Chris Turner is an observer of the environmental lobby’s failure to engage the public on the subject of climate change. The problem, he maintains, is the gloomy message purveyed by the lobby; no one wants to listen. Instead, Turner taps into a vital human need for stories of ordinary people who are transforming society. In his book, The Geography of Hope, he paints pictures of a new landscape where alternative energy sources prevail and people live more in synch with the natural world. In fact today you can easily find professional and known commercial construction company in Perth.

And he answers a big question: what does it take to get communities on a sustainable trajectory?

Defining Truly Sustainable Design

  1. F. Schumacher, writing about sustainable development in the early 1970’s, recognized that any definition of sustainability must account for externalities, or unaccounted for consequences of development. His own definition in the book Small is Beautiful focused on a lifestyle designed for permanence. As Turner discovered during his travels, one person’s understanding of sustainability can be remarkably different from another’s.

In the master planned community of Drake’s Landing in Okotoks, Alberta, a new housing development features a variety of renewable energy technologies: solar panels, borehole thermal energy storage, and a district heating system. There’s a problem with this idyll: as Turner points out, this is still suburbia and car-dependent, with people commuting into the city of Calgary. Cars and suburban sprawl are twin evils that enable each other and need to be eliminated by future planning efforts if CO2 levels are to come down, and the quality of the environment preserved.

Turner finds sustainability alive and well in unexpected places: on the Danish island of Samsø, in the Taos Valley of New Mexico, and in Cuba’s organic urban agricultural practices. The heroes of sustainability are often unassuming and include a former farmer and renewable energy enthusiast, Søren Hermansen, and a renegade architect named Michael Reynolds.


What these people and communities share is “rational exuberance”, or an intelligent embrace of a more sustainable way of life. Turner’s own definition of sustainability sums it up: sustainability is “a wellspring of social change, a revolutionary concept as powerfully progressively disruptive as democracy once was.” For communities to become sustainable requires social change, not political mantras or policies.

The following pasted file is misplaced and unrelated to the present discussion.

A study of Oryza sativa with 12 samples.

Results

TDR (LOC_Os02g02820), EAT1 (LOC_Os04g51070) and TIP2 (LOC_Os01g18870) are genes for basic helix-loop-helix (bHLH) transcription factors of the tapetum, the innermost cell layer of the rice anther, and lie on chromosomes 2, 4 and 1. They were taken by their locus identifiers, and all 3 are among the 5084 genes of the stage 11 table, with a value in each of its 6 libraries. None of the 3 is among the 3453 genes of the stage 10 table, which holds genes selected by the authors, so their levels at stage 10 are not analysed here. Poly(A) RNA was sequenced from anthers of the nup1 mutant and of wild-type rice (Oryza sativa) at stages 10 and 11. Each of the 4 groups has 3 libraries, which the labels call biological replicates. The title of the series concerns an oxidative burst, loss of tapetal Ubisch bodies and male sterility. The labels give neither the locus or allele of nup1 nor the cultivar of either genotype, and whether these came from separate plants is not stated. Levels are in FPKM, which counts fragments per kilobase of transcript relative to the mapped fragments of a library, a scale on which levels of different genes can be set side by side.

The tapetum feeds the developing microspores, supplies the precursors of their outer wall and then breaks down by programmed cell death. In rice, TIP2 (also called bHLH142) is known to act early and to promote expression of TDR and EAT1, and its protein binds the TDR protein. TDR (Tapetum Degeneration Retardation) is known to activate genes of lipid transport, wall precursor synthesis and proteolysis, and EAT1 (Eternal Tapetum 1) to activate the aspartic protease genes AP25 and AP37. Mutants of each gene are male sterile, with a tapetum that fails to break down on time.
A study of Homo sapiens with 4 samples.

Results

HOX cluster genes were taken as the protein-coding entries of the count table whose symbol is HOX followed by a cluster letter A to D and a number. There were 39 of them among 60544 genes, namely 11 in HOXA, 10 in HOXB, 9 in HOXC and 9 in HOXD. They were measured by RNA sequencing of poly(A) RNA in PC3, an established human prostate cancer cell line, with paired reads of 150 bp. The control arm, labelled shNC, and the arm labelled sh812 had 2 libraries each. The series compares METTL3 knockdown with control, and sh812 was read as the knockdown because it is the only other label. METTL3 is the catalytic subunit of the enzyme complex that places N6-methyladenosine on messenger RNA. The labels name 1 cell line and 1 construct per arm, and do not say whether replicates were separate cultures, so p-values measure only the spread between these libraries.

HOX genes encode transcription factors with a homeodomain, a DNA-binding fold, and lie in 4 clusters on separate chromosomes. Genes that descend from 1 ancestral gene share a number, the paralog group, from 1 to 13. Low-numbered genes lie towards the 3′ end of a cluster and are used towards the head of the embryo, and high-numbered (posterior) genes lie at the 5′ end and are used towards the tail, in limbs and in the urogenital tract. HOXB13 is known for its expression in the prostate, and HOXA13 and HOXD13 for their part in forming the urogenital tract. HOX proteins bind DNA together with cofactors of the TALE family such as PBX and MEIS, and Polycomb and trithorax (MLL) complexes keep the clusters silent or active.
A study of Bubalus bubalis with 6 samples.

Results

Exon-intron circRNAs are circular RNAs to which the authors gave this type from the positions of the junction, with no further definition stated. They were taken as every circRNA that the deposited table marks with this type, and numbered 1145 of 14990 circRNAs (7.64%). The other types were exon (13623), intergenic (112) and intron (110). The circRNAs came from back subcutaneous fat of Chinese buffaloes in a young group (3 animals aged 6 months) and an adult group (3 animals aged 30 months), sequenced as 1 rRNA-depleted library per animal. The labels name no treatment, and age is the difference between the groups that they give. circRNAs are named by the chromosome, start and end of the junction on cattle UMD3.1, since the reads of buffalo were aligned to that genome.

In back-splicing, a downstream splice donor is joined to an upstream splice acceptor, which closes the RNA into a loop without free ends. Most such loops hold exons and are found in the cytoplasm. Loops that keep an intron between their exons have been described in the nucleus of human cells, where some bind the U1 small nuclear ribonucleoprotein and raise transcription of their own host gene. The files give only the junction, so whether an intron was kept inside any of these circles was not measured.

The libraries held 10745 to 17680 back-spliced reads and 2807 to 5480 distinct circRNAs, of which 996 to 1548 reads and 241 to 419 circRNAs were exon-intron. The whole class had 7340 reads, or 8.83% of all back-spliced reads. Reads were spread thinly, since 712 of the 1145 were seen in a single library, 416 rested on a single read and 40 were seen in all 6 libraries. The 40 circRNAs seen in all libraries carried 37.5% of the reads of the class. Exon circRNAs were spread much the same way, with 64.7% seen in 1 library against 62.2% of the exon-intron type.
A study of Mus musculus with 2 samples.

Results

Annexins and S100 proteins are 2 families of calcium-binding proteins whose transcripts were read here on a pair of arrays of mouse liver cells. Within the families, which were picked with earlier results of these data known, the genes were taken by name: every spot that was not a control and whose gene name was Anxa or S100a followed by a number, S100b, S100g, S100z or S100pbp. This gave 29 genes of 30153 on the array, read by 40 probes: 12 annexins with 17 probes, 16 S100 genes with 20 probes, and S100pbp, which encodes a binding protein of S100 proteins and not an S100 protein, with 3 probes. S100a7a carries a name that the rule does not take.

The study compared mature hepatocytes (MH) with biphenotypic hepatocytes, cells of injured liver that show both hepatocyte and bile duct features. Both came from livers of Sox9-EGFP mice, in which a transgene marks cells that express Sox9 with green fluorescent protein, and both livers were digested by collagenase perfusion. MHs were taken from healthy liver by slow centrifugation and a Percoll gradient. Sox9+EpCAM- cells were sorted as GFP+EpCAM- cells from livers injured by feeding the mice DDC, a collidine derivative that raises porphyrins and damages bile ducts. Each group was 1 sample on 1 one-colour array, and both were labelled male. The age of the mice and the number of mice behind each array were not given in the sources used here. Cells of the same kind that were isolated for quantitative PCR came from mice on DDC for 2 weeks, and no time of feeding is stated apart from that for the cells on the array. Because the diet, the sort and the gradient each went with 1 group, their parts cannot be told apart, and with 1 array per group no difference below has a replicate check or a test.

Promoting Sustainable Design with Examples of Built Developments

Rather than selling sustainable development, Turner attracts converts with exhilarating illustrations of a renewable future. Sustainable design examples include:

  • Seaside, a new urbanism community in Florida; it demonstrates there are better ways to organize a community than around cars, and that pedestrian-friendly neighbourhoods are nicer to live in.
  • Freiburg in Germany hosts a model sustainable community called Vauban, featuring mixed-use design, medium density housing, hyper-insulated homes, renewable technologies and a family-friendly environment.

The impetus for Vauban came from a citizens’ group called Forum Vauban. A redevelopment of what was a French barracks, the neighbourhood of Vauban is a reminder that the technologies necessary for developing sustainable cities already exist. What’s needed for sustainable development to occur are social will and collaboration.

The answer to Turner’s big question about how to promote sustainable development is that real change, the kind that will produce a sustainable future, is being created by local-level initiatives, conceived and carried out by regular folk. No one needs to scare these people into adopting sustainable lifestyles. Sustainable communities will become commonplace when citizens become more involved in planning their own neighbourhoods and cities.